UCLA makes students pay classmates to promote 'social justice'
- UCLA is paying 18 students $13/hour to combat “social injustices” and “privilege and oppression” on campus, shelling out up to $42,000 per year for the program.
- The "Diversity Peer Leaders" program is funded through the school's mandatory "Student Services Fee," to which each student contributes $1,128 every academic year.
The University of California-Los Angeles has hired 18 students at $13 per hour to combat “social injustices” and “privilege and oppression” following a semester-long recruitment campaign.
Hosted by the UCLA Intergroup Relations Program, the Diversity Peer Leaders project is a year-long internship during which students facilitate workshops on social justice issues in exchange for leadership training and compensation from UCLA.
According to the job application, each DPL is paid $13 an hour in exchange for working 30-45 hours during each of UCLA’s four academic quarters, including summer.
If all students put in just 30 hours per quarter, the program would cost at least $28,080 annually, but if all the DPLs were to work the maximum hours, the cost would rise to at least $42,120 per year.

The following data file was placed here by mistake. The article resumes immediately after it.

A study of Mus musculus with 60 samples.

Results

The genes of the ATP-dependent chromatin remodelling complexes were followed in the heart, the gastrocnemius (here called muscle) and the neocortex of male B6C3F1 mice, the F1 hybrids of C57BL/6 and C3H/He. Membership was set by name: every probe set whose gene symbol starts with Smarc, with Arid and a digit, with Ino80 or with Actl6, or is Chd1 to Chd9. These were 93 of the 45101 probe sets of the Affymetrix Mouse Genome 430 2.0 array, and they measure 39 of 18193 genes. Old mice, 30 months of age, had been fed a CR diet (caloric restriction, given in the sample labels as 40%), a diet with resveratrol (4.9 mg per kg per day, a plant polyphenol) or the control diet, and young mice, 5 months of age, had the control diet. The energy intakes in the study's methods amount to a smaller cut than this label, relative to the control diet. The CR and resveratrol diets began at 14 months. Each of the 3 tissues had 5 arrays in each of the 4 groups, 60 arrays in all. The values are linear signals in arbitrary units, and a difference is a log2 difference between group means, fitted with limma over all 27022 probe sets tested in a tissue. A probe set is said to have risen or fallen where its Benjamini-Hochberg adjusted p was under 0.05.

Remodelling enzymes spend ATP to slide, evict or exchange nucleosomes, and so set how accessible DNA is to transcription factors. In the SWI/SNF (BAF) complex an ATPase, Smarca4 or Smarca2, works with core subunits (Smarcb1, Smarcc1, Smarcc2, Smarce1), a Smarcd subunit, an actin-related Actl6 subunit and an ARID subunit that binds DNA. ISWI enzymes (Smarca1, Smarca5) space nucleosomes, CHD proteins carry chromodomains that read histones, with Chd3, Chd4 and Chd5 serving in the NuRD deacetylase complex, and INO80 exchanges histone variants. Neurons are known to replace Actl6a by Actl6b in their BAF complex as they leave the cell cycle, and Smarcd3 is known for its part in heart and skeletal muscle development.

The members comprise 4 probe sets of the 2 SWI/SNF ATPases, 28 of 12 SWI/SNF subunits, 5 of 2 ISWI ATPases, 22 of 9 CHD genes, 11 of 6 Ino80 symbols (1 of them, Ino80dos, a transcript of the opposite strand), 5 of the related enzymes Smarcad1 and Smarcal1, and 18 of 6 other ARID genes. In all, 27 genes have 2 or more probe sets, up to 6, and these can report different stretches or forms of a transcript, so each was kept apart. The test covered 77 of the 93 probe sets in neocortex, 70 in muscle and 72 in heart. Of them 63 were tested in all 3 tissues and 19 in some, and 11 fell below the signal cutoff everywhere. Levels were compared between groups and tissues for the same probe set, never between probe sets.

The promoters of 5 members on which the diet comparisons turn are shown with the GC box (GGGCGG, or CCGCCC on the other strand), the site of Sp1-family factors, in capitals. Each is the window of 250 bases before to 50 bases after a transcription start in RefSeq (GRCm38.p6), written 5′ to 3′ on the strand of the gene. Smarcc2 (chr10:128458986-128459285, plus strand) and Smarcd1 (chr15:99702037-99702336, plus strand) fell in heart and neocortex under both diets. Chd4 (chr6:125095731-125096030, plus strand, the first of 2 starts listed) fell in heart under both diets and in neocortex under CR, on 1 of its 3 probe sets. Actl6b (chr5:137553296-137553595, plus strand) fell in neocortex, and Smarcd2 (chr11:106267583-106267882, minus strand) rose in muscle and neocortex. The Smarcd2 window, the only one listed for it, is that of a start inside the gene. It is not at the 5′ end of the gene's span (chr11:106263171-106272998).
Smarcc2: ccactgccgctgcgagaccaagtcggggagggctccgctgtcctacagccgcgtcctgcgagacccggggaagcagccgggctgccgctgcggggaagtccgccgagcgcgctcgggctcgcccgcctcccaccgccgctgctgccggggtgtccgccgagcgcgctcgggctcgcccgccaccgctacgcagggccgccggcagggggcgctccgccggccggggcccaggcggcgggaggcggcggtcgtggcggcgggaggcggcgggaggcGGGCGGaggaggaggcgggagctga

Reached by Campus Reform, a UCLA spokesman did not dispute these estimates, but stressed that the program is funded by the school’s Students Services Fee, rather than tuition or taxpayer dollars.
That $376 per term fee is not optional, costing each student $1,128 every academic year. Over a four-year degree, the fee amounts to at least $4,512—more if a student takes longer to graduate.
UCLA student Arik Schneider mocked the DPL program as “a project of the Department of Redundancy Department,” asserting that “all the goals of this project seems to already be facilitated by multiple other programs, groups, and systems” on campus.
Schneider—who is also the Chairman of the school’s Young Americans for Liberty chapter—also criticized the way that UCLA requires students to fund the program.
“Students should only be forced to subsidize programs which are necessary. It is the perfect example of the worst of Big Government, Big Bureaucracy. It does nothing and turns into a bottomless pit for money,” Schneider told Campus Reform.
The money could be spent elsewhere, he suggested.
“The cost of the program alone could have gone to multiple scholarships, and potentially given a disadvantaged student a full ride through college,” Schneider pointed out. “Instead the money goes to luncheons and echo-chamber sessions, in which participants attempt to out-victimize each other and not actually solve any problems.”
The DPL program, he said, is just another way UCLA uses student funds “to promote an agenda at the expense of those very students.”
Louis Madrid IV, a senior studying History, is also displeased that mandatory fees are being used for projects like DPL.
“It should be financed by donations,” Madrid told Campus Reform. “If UCLA is going to force students to pay for these programs through their fees then they should inform students exactly what these programs are attempting to do instead of hiding them behind student fees.”